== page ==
What makes the secret special?
March 24, 2007 9:17pm CST
I've seen the Secret, and have gone to see a speaker who was a consultant to I think the book because I don't remember him in the DVD. I haven't read the book yet, but have seen the DVD, so I don't know how different they are. I liked the Secret, but not fascinated with it as much as other people seem to be. This really seems to have struck a chord with people. The reason I wasn't fascinated by it is because I got introduced to the basic concepts of the Secret by reading Jose Silva, Tony Robbins and Marshall Slyver beginning about 25 years ago. And maybe because they are the ones who introduced me to goal setting and visualization, they are the ones who I identify when I goal set and motivate myself. My question is this. For you, how different is this from other visualization/motivation guides out there. Is this the first time you've been exposed to these concepts, or if you've read/heard Tony Robbins or Jose Silva and others and prefer the Secret, what is it about the Secret that makes it a better fit for you?
29 Mar 07
What makes "the secret" so special is that it is a movie. No matter how we look at it, movies are much more popular and easy to publish than books. Many people read books, but more people watch movies (in the modern countries, at least). Another thing, I think as important as the first point I raised, is the fact that in the movie they simplify things. They simplify them so much, until almost everyone can understand and start apply "the secret" right away. In the movie, it is easier to set the pace you want at any point - you can talk about making more wealth faster, and speed up the frames, or talk about love and slow it down. That way, it creates a sub concious effect, another sense in which you can percieve the idea - a kind of sixth sense. To those the movie "did it", I recommend reading books that speak of the same ideas. The books don't have to be "the secret" - it can be any other guides you mentioned or even others (I prefer "the secret" or Bob Proctor's boks). It makes you inderstand better the concept. The details don't matter, because the basic guidung laws are the same. I find it easier to watch the film once a week, and read one book a month. It certainly improved and still does my quality of life.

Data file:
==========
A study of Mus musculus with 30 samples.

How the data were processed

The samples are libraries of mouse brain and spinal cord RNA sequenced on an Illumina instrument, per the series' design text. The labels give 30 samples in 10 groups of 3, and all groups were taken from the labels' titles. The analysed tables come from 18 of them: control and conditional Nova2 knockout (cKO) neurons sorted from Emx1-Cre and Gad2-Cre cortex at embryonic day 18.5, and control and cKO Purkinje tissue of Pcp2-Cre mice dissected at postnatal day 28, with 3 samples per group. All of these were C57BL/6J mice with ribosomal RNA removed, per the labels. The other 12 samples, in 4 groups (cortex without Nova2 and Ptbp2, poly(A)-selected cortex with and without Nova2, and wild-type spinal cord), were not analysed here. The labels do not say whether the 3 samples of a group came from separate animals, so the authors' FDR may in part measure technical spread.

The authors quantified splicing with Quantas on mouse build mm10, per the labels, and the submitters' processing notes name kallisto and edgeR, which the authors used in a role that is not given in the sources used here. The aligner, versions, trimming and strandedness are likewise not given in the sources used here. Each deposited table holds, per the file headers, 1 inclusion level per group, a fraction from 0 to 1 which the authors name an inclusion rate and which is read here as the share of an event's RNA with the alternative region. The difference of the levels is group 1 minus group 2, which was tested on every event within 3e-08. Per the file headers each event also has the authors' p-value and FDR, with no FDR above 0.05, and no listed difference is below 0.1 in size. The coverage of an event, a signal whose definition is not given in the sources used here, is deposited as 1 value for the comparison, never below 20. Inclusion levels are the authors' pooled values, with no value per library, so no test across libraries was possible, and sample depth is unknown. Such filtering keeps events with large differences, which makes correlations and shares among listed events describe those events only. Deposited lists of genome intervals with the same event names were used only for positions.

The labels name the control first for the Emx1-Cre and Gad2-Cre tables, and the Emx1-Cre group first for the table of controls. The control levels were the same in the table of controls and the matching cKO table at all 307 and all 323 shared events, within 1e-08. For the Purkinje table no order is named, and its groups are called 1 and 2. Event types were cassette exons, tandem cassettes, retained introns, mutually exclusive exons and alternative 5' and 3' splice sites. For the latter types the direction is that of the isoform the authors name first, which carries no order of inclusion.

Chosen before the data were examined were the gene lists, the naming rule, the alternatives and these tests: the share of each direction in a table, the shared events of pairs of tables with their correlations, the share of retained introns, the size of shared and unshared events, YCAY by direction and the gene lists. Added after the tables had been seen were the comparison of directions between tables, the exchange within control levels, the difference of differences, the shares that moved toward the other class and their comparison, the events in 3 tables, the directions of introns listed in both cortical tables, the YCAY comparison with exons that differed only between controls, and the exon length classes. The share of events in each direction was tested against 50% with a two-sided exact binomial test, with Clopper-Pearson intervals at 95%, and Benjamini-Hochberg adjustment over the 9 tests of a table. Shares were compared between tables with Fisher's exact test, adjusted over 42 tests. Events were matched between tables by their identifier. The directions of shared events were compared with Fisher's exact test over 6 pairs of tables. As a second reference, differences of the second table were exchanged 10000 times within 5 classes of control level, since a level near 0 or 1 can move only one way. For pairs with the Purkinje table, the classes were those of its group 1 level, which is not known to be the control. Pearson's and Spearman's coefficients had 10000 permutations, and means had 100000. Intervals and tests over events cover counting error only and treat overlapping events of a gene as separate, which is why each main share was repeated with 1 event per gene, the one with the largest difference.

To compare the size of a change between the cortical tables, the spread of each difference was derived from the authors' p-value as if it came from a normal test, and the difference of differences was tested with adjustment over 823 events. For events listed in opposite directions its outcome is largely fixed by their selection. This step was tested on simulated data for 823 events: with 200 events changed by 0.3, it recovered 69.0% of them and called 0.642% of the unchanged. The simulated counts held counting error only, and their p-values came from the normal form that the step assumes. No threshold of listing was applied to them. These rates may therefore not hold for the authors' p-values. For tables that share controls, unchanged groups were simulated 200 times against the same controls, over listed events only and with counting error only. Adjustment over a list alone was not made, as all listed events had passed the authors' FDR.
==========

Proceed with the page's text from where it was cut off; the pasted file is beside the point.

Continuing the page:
• United States
30 Mar 07
You are right. I know a lot of people who will watch movies, but won't read the book. And it's because movies are more convenient. The books give better detail and a more thorough understanding of the concepts, but movies are good for summaries and the basic concepts. Rather than pop in DVD's, I have the tendency to go back to specific chapters in the book, or play audios of book/program of specific areas i would like to work on.
• United States
31 Mar 07
I was much better and more disciplined when I was in school at applying these concepts. But still pretty good at it up till a couple of years ago. A couple of weeks ago, I opened up my binder which has my written goals, and I had not written in it for the past three years. Ironically, or obviously, it's been these past three years where life has pretty much stayed the same. What I used to do was to write down my goals for the year, then write down steps, followed those steps and at the end of each month, reviewed my progress. At the end of the year, i would write down accomplishments, whether or not they were part of my original goals for the year At between 5 - 7 years ago when I was still really practicing these concepts, and reached some of the long term goals I had set for myself, I was happy, eating right, and was in the best health of my life. I was happy and content. I'd still review chapters and read books, but I stopped practicing these exercises. But I guess humans need to keep growing, and lately I've been feeling that something is missing, so I've decided to go back to basics and be more disciplined in visualizing and goal settings. Financially and employment, I am still on my long term track and I'm happy with my current position, which is as senior as I can be without being in management (perfect for me). But I've always wanted to be full time as a writer, and that's what is missing I feel now. Healthwise, I'm on blood pressure and cholesterol medication, but is more genetic than anything else, as it became harder and harder for me to control those with diet and exercise - and i enjoy my foods too much. So, I've strayed a bit, but only to a point where I need to do some tweaking in my life rather than an overhaul. I'm still content, but I guess I've lost some satisfaction. As we reach goals, we need to create new goals for ourselves.